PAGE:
Google was on a secret project with LG, as this news was officially announced last year. After the completion of a project, both companies came forward to unveil the world’s first high-resolution OLED display for AR and VR. This high-resolution OLED display triples the pixels per inch (PPI) count of current consumer headsets from the HTC and Oculus. The screen has a 1443 PPI wide field of view which further optimizes the mobile AR and VR.

Google wanted to arrive at a point where virtual reality experience feels completely real. To accomplish the same, Google and LG were engaged on a secret project to create VR capable OLED display with 10x more pixels than leading 2 MP consumer VR displays.

The Google high resolution OLED VR display is 4.3 inches supporting 1443 PPI with 120HZ refresh rate. It has 4800 x 3840 prototype panel which is known to be the highest resolution OLED-on-glass display. As a research paper notes, the upper bound of human vision is 9600 x 9000 and a field of view of (FOV) 160 x 150 where the FOV provided by Google is 120 x 96.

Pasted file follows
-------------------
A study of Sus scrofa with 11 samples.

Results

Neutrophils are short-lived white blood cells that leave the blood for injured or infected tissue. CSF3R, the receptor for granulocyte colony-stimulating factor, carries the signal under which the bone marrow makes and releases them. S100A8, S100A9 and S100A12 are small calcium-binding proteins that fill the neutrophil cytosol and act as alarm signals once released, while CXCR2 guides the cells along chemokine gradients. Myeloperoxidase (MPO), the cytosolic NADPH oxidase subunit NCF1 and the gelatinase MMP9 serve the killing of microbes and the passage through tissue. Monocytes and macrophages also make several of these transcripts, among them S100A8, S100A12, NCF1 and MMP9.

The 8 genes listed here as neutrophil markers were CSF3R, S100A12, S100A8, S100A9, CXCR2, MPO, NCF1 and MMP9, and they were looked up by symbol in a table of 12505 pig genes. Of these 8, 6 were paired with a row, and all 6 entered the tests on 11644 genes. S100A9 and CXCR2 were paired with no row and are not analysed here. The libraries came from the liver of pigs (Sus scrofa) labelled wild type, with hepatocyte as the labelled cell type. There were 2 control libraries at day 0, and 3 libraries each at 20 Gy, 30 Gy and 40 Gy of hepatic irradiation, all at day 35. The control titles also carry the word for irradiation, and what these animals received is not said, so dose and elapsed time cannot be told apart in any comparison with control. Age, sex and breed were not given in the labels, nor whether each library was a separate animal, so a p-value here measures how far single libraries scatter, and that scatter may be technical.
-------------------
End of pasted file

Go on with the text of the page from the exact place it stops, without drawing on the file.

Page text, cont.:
If we compare this device with other leading device in the market HTC is featuring a 3.6 inch 1080 x 1200 pixel display per eye and Vive Pro is equipped with 3.5 inches 1440 x 1600 pixel display per eye. This both devices have 90Hz refresh rates and 110 degrees of FOV at 448 and 615 PPI.

Google and LG fabricate a custom driver integrated circuit (IC) in this device. The second powerful feature of this high-resolution OLED display is foveated rendering. This feature renders only those things which a user is looking at in 4800 x 3840, while everything at that point appears in low resolution. This also supports 150 cd/m2 @20% duty brightness > 15000:1 contrast and 10-bit color depth.

Google claims that they designed the display so that two – one for each eye – can be powered by a mobile SoC on a mobile headset. The company stated that the screens do support 120Hz but the limitations of mobile SoC might run at 75Hz on mobile VR headsets.